Research Publication Title

The Effects of Spodoptera Exigua Herbivory on Soybean Plant Chemistry

Major

Biology

Faculty Mentor(s)

Caralyn B. Zehnder

Keywords

caterpillar, soybeans, trypsin, chitinase

Abstract

Many plants have induced responses to herbivory whereby the plants turn on defensive chemicals to deter herbivores. Both trypsin inhibitors and chitinase can be induced by herbivores. Trypsin inhibitors can stunt development and deter insect feeding. Chitinase exhibits hydrolytic activity towards the structural component of insects called chitin, and it can delay insect development. The purpose of this experiment was to examine the effect of caterpillar herbivory on defensive chemical induction in soybeans. For this experiment, 15 soybeans plants were exposed to beat armyworm, Spodoptera exigua, herbivory and 15 plants were used as the control group. Caterpillars were placed directly on the plant and left to feed for 72 hours. Then two leaves per plant were removed and chitinase and trypsin inhibitor concentrations were measured. It was hypothesized that there will be a significant difference in the production of trypsin and chitinase between the caterpillar treatment and the control group.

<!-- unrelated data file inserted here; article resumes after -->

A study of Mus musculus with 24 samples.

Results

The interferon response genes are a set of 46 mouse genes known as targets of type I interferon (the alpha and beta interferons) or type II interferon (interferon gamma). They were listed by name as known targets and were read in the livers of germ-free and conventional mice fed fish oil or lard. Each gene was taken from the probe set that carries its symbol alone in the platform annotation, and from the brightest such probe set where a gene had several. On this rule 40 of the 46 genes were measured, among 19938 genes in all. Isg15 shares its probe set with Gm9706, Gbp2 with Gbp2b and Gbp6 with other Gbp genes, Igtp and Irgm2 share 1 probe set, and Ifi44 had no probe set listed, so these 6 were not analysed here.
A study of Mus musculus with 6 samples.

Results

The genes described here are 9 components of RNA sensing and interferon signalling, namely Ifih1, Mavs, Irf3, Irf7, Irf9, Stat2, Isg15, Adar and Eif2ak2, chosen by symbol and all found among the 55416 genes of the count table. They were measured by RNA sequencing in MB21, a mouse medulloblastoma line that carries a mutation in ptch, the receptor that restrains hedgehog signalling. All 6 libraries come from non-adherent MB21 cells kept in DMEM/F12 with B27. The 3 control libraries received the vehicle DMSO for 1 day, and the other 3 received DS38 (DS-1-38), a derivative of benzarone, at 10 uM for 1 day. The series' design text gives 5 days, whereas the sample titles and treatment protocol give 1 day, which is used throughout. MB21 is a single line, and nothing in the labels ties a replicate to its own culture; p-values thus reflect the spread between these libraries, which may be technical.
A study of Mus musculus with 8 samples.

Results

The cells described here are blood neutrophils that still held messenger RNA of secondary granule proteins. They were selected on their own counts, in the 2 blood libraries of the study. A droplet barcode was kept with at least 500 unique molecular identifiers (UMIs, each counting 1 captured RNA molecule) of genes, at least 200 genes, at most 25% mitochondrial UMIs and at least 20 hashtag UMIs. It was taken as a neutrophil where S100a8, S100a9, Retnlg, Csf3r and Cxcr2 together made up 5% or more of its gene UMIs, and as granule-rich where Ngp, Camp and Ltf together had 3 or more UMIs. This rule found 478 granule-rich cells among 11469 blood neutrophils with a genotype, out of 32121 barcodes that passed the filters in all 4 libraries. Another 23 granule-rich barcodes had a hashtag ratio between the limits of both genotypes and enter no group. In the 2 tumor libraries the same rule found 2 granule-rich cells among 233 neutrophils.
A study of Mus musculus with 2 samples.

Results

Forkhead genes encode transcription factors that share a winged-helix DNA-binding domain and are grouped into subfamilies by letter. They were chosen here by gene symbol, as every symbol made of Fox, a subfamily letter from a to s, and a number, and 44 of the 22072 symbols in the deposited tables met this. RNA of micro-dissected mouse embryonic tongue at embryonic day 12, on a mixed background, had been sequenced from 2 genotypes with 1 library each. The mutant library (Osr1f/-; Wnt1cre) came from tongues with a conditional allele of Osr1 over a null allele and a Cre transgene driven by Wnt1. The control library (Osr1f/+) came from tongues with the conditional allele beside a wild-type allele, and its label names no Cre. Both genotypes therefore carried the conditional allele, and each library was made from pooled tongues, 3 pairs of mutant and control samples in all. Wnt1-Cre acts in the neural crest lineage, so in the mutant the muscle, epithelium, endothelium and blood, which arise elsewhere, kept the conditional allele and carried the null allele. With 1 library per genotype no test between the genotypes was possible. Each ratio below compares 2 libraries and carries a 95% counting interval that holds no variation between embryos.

Start Date

10-4-2015 12:15 PM

End Date

10-4-2015 1:00 PM

Location

HSB 3rd Floor Student Commons


The Effects of Spodoptera Exigua Herbivory on Soybean Plant Chemistry

HSB 3rd Floor Student Commons

Many plants have induced responses to herbivory whereby the plants turn on defensive chemicals to deter herbivores. Both trypsin inhibitors and chitinase can be induced by herbivores. Trypsin inhibitors can stunt development and deter insect feeding. Chitinase exhibits hydrolytic activity towards the structural component of insects called chitin, and it can delay insect development. The purpose of this experiment was to examine the effect of caterpillar herbivory on defensive chemical induction in soybeans. For this experiment, 15 soybeans plants were exposed to beat armyworm, Spodoptera exigua, herbivory and 15 plants were used as the control group. Caterpillars were placed directly on the plant and left to feed for 72 hours. Then two leaves per plant were removed and chitinase and trypsin inhibitor concentrations were measured. It was hypothesized that there will be a significant difference in the production of trypsin and chitinase between the caterpillar treatment and the control group.